Ms. Dominique

Ms. Dominique
Ms. Dominique

Friday, December 28, 2007

Freud, Sigmund - Drug use


Most people familiar with the career of Dr. Sigmund
Freud, the founder of psychanalysis, are aware of the scandal of
cocaine use in his early career. As a young doctor, Freud
experimented with cocaine and even promoted its use as a sort of
cure-all for a variety of physical and psychological ailments.
Eventually Freud became aware of the addictive power of cocaine
and stopped promoting its use. Cocaine addiction was common in
the 19th century, and Freud's cocaine use has been popularized in
books and films, including _The Seven-Percent Solution_. Many of
Freud's followers are, to this day, a bit touchy about this
episode in Freud's early career. But it looks now like a new Freud
scandal is looming on the horizon.

A new book _Libraries in the Age of Mediocrity_ includes a
chapter "Freud in the Garden of Good and Evil" which presents
irrefutable evidence from the memoirs of Freud's son, Martin, that
Freud involved his children in "mushroom-hunting expeditions"
looking for hallucinogenic mushrooms. Freud often took his family
on vacations in the Alps, and there he organized his children on
mushroom hunts where they searched for the Amanita Muscaria
mushrooms that grow in mountain forests.

This variety of mushroom has been recognized by Europeans as
a powerful hallucinogen since the early 18th century when travelers
brought back reports of its use as an intoxicant by Siberian
hunters. It is likely that Freud, while doing research on primitive
religious practices, came across reports of its use and began his
own experiments, using his children to help him locate areas where
the mushrooms grow. Fairly large quantities of the mushroom are
needed to create a prolonged hallucinogenic "trip" and this would
explain why Freud involved his children in the search for these
elusive mushrooms.

In Martin Freud's memoir _Sigmund Freud: Man and Father_, he
describes the Amanita mushrooms but he is clearly unaware of their
hallucinogenic properties. It wasn't until some years after the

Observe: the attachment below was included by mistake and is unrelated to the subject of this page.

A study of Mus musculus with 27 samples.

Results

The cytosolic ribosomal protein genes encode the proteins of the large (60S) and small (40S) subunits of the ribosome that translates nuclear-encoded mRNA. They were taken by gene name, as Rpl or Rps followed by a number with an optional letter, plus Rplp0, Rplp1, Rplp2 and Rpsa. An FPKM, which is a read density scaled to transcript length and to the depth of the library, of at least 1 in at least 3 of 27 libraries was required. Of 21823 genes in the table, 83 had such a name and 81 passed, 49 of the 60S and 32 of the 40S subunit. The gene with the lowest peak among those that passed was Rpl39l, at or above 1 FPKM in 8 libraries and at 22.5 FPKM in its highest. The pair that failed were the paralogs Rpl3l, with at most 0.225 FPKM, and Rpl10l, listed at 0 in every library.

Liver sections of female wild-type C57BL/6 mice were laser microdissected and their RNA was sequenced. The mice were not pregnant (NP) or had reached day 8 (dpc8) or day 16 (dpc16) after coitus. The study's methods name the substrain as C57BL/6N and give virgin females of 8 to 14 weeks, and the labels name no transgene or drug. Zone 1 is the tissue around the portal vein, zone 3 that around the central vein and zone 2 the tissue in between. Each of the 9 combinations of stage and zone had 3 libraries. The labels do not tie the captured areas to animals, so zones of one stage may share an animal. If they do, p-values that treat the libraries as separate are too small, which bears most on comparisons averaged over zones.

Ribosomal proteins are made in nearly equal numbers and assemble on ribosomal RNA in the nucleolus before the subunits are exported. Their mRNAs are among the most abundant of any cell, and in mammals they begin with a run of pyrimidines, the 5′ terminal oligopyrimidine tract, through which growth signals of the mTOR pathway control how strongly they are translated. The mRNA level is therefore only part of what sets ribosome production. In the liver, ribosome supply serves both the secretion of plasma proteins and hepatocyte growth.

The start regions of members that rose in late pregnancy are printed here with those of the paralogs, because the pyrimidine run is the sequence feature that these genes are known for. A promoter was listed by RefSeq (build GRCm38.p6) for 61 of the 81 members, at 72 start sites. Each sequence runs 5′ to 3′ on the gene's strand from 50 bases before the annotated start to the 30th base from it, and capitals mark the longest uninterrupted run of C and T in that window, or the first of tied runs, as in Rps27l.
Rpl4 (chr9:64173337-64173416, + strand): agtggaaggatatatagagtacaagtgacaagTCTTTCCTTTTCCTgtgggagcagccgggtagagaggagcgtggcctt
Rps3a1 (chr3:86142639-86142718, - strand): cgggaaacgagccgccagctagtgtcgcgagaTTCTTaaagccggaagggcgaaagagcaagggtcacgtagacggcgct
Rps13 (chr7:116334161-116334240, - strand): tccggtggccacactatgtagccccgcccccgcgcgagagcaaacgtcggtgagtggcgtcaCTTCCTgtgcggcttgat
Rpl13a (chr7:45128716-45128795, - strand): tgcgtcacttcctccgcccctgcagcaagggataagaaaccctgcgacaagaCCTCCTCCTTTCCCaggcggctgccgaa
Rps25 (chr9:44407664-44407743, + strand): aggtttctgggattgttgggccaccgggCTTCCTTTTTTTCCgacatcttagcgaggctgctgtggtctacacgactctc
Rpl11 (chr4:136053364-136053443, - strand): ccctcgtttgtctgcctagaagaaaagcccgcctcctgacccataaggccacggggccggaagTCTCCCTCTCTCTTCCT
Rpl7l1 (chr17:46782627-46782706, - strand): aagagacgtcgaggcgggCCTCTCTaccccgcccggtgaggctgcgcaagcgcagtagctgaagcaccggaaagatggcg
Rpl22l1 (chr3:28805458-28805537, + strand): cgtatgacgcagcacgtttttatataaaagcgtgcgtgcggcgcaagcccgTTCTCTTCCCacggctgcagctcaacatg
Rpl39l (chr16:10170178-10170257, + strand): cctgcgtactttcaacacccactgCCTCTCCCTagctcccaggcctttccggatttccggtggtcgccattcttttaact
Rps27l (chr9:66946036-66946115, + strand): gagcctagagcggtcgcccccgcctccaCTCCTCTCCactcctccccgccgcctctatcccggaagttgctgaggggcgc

publication of this memoir that scholars outside of the fields of
ethnography and biology became familiar with this Amanita species,
which explains why this episode in Freud's career remained obscure
to Freud's many biographers.

It is an open question as to how much Freud's experiences
may be documented in his papers, which have for many years been
tightly controlled by a small group of Freud's followers. If
evidence of such experimentation is a part of Freud's papers, it
may help to explain why access to his writings has been closely
guarded for so many years. Like his cocaine use, it is also a
question how much this episode in Freud's career may have influenced
his writings, including _Civilization and Its Discontents_ and
_Totem and Taboo_.

Earl Lee, author of _Libraries in the Age of Mediocrity_,
discovered the reference to the amanita mushrooms in Martin Freud's
memoir while doing research for his book _Drakulya_, which deals
with occultism and psychology in the 19th century England.

publication date: Sept. 1, 1998
ISBN: 0-7864-0548-1
$25 [144] pp. softcover, notes, bibliography, index.


Drake411 said...

Way great article. I find it after reading an excerpt from James Arthur's Mushrooms and Mankind. James wasn't a well respected academic but his experiences with the Amanita Muscaria were singular and he mentioned that Freud's sexual revelation came from direct experience of this fungus. Some bizarre connections to religion from Egypt to Jesus and Soma. Thanks for your trustworthy investigation.

Earl Lee said...

Earl Lee is the author of:

From the Bodies of the Gods: Psychoactive Plants and the Cults of the Dead (Park Street Press 2012)

This book deals with the use of hallucinogens and the ancient cults of the dead.